Still image from Théâtre de l'inconnu, 2-channel HD video & sound, 13 minutes, 2018-20.


Still image from Théâtre de l'inconnu, 2-channel HD video & sound, 13 minutes, 2018-20.


Still image from Théâtre de l'inconnu, 2-channel HD video & sound, 13 minutes, 2018-20.


Still image from Théâtre de l'inconnu, 2-channel HD video & sound, 13 minutes, 2018-20.


Still image from Théâtre de l'inconnu, 2-channel HD video & sound, 13 minutes, 2018-20.


View of Théâtre de l’inconnuin the exhibition La machine qui enseignait des airs aux oiseaux presented at the Musée d’art contemporain de Montréal, february 14 to april 25 2021.


Excerpt of Théâtre de l'inconnu, Musée d’art contemporain de Montréal, february 14 to april 25 2021. Photo: Guy L’Heureux.



Installation of Théâtre de l’inconnu in the exhibition La machine qui enseignait des airs aux oiseaux presented at the Musée d’art contemporain de Montréal, February 14 to April 25, 2021. Videography: Philippe Léonard.


In Théâtre de l’inconnu a faltering narrator recounts the life-cycle of Saturnids, winged insects belonging the family of giant silk moths. The two-channel video installation manipulates elements borrowed from several National Geographic flower time-lapses, the 19th century opera Adriana Lecouvreur, and excerpts from various literary, scientific and ancient texts. The title of the installation gestures towards early modern scientific compendiums, such as Thomas Muffet's Theatre of Insects (1658) as well as architectures designed for viewing, including dissection amphitheaters, operating theaters, and entertainment venues for performance and cinema.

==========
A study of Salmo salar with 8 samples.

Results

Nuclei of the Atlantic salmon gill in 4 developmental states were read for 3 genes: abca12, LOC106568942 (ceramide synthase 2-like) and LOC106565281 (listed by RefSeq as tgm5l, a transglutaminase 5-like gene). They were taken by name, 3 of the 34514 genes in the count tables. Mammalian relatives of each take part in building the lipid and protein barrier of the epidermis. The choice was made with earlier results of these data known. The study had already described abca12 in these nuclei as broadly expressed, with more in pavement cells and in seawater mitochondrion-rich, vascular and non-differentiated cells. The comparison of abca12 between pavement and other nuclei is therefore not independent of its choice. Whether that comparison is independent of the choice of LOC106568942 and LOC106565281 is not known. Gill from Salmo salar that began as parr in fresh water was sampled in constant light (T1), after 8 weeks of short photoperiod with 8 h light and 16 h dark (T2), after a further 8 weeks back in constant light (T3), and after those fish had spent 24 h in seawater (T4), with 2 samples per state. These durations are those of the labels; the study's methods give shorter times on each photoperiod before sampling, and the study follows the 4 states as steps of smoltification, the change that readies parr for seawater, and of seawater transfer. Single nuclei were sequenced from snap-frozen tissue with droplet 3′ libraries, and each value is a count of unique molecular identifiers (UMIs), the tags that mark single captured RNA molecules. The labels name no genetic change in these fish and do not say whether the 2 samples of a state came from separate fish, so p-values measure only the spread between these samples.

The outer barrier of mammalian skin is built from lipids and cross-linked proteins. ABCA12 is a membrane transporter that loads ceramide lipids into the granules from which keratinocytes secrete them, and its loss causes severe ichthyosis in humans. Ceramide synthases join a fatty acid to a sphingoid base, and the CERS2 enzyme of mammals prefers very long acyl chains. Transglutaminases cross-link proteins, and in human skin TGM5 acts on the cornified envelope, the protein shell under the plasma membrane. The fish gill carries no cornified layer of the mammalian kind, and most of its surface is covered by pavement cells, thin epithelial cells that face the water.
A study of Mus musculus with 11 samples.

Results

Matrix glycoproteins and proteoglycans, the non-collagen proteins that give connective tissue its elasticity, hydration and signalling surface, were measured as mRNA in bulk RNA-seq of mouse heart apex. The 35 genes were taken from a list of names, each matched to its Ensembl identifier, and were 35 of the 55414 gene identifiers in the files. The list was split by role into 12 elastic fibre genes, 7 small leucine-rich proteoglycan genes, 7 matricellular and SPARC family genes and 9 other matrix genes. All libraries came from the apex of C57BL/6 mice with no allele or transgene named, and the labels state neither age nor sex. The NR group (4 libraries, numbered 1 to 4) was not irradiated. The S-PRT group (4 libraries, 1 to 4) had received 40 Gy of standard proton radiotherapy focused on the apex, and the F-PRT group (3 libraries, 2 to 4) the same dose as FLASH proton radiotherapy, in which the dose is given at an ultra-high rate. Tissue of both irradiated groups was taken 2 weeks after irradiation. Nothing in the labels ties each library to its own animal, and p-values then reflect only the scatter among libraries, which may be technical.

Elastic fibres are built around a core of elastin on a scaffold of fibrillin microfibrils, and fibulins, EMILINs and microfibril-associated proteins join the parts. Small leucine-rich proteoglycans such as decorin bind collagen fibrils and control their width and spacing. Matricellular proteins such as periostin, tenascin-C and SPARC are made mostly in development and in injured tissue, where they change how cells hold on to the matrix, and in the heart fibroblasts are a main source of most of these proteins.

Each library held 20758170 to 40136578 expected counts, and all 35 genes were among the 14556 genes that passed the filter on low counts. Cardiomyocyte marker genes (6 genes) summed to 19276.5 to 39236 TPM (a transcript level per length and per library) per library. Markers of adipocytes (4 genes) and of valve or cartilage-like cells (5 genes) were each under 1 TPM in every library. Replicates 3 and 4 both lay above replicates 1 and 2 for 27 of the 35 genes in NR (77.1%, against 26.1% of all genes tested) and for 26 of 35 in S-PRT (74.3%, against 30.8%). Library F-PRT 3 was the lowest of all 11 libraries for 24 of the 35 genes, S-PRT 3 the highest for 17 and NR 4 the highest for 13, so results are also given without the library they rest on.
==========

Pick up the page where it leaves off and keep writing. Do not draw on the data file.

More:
Also a venue for spectacle and observation, the gallery space is filled with an interactive and inflatable sculpture of a silk gland sheathed in metallic vinyl. This extracted organ, described by the narrator (in the words of W.G. Sebald) as a “cluster of small, intertwined tubes resembling intestines,” is based on photos from current research attempts to engineer transgenic silkworms whose glands have been modified to produce human collagen for use in cosmetic products. At once tragic, satirical and monumental, the installation explores how Western practices of sight, description and representation have produced and sustained a concept of nature amenable to industrialization and exploitation.


Credits
Written & animated by Mara Eagle
Voice by Ayam Yaldo; Textile installation - Bronwen Moen
Special thanks to Jamie Macaulay, Ayam Yaldo, Phil Hawes, Nadia Myre, Eric Simon, Tobias Rees, Stephen McLeod, Cecilia McKinnon & Prudence Gendron.
This work was made possible with the generous financial support of the Berggruen Institute ,the Conseil des arts et des lettres du Québec and the Musée d’art contemporain de Montréal.



Please contact hambonehoney@gmail.com to watch the full online preview version.